Person sitting on floor with mental illness

If you have never heard of dissociative disorder, that may be because you knew it by a different name. Known as multiple personality disorder until the mid-1990s, dissociative disorder comprises a group of conditions impacting around two percent of the population and generally thought to result from horrific childhood trauma. Dissociative identity disorder (DID) is one of the specific conditions that fall under the larger dissociative disorder umbrella, and March 5 was designated as Dissociative Identity Disorder Day to increase awareness and understanding of the condition. 

What is Dissociation?

A lot of people have experienced dissociation at some point or another. Daydreaming, highway hypnosis, and getting “lost” in a really great movie or book are all forms of dissociation. Dissociation is also a coping skill a person may use to detach themselves from something bad they are experiencing, like abuse or combat. In most cases, this detachment does not last very long before the person regains their usual perspective. In a person with a dissociative disorder, however, their detachment can become persistent and result in long-term issues with memory and personal identity.

What Does DID Look Like?

While occasional, short-lived dissociation during times of distress is not uncommon, DID is different from this in a variety of ways:

  • A person with DID will have two or more distinct identities that relate differently to people and the environment. These other identities are sometimes referred to as “alters,” “alternate personalities,” or “states of consciousness.” They may sometimes answer to different names, seem to be different ages, and have different food and clothing preferences.
  • The identities may have zero or little awareness of what the other is doing, or they may be able to “watch” each other’s actions with varying ability to control what the other is doing.
  • DID can result in loss of memory, as each of the identities holds on to different information for the person.
  • The person may experience depersonalization, in which their actions, emotions, thoughts, and sensations feel like they belong to someone else.
  • Derealization may result in the person feeling like the things they experience are unreal or extremely distorted.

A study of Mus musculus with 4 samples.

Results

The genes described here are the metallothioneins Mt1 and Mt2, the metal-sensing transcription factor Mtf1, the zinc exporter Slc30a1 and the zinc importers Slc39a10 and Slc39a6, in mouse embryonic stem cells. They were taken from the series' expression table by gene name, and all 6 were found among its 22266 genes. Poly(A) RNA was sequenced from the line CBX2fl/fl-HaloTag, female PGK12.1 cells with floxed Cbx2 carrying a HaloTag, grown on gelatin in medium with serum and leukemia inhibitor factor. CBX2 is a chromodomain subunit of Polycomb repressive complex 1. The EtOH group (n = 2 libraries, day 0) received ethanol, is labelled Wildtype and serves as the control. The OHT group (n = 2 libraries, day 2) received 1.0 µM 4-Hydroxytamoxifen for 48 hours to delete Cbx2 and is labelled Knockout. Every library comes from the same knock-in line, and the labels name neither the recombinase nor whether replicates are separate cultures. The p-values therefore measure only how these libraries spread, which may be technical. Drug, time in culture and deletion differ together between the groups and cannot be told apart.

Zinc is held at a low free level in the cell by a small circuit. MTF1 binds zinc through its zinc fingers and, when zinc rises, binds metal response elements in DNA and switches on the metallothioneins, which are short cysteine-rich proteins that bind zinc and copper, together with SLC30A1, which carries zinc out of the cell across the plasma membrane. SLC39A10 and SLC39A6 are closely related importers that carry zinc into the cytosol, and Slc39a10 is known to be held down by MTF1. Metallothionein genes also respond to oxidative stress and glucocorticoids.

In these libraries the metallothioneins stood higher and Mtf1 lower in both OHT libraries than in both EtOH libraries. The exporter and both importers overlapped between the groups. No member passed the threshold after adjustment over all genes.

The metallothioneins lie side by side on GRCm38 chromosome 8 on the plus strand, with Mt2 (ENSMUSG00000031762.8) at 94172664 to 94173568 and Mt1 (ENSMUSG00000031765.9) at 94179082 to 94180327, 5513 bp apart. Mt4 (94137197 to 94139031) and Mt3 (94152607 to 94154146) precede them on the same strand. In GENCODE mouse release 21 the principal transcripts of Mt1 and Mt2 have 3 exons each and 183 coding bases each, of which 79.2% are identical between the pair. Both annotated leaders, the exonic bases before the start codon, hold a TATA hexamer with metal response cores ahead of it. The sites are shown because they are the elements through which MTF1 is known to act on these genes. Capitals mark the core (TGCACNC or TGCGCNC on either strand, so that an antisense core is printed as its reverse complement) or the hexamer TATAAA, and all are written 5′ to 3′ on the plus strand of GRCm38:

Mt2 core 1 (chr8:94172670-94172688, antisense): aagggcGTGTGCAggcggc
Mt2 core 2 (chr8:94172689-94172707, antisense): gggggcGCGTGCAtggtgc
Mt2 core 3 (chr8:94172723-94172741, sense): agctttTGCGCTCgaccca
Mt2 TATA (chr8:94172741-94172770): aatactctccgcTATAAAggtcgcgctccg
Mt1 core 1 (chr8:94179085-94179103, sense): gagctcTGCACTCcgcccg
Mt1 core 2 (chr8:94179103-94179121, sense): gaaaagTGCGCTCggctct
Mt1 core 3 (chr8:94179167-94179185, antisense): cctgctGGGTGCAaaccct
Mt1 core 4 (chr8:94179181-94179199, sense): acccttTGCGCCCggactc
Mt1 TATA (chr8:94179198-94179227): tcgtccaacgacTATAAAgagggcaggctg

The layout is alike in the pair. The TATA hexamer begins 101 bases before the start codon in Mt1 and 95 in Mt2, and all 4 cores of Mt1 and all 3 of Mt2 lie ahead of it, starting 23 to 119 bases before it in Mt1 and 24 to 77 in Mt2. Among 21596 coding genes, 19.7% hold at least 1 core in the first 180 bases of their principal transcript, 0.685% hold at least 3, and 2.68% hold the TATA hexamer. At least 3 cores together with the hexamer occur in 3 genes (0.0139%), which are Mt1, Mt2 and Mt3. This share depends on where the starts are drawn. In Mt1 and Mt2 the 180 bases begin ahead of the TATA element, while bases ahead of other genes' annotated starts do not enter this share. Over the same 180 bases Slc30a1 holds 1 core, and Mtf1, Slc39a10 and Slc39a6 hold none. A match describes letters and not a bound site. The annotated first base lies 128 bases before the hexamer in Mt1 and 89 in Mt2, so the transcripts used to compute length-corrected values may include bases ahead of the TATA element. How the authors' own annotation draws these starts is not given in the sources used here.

• The person may relive their trauma through flashbacks.

DID Misdiagnosis

Because the symptoms of DID can sometimes overlap with other conditions, the disorder can sometimes be misdiagnosed. People with DID do sometimes experience their alternate identities as auditory hallucinations, which can lead to schizophrenia being diagnosed. The medications given for schizophrenia can then lead to flattened emotions in the patient, which reinforces the inaccurate diagnosis. Borderline personality disorder is another diagnosis that is sometimes mistakenly given to people with DID.

In order for an accurate diagnosis to be made, it is recommend that:

  • A medical doctor complete a thorough examination to rule out medical causes for symptoms.
  • A qualified mental health professional then complete an assessment to determine the most appropriate mental health diagnosis.

What are the Other Dissociative Disorders?

DID is just one of three conditions that are categorized as dissociative disorders. The other two are:

    • Dissociative amnesia – this is more severe than ordinary forgetfulness and may result in the person forgetting information about themselves and/or the people and events of their own life, especially around a specific traumatic time of their life. An episode of dissociative amnesia can last for minutes to days and more rarely can last for months or even years.
    • Depersonalization-derealization disorder – this condition can present in a few different ways, with a person perceiving time as being sped up or slowed down or having a foggy perception of events, as if their life is a dream or a movie they’re watching instead of something they actively participate in and control. Symptoms may last for only moments, or the person may experience episodes periodically over years.

Treatments for Dissociative Disorders

Dissociative disorders can be treated with medications and therapy. Three therapy options that are sometimes used to treat people with dissociative disorders are cognitive-behavioral therapy (CBT), dialectical behavior therapy (DBT), and eye movement desensitization and reprocessing (EMDR). Because dissociative disorders can have co-occurring conditions like substance use disorder, depression, and anxiety, treating those issues may also help to alleviate the person’s dissociative disorder symptoms.

When to Get Help

Anyone experiencing any of the symptoms of dissociative disorders should see a doctor, as these can be signs of either a medical or mental health condition. Getting prompt treatment is one of the best ways to ensure the highest degree of recovery.

If you are concerned that you or someone you love may be suffering from a dissociative disorder, Highland Hospital has a team of mental health professionals in West Virginia who can help you get connected to the most appropriate support for your situation.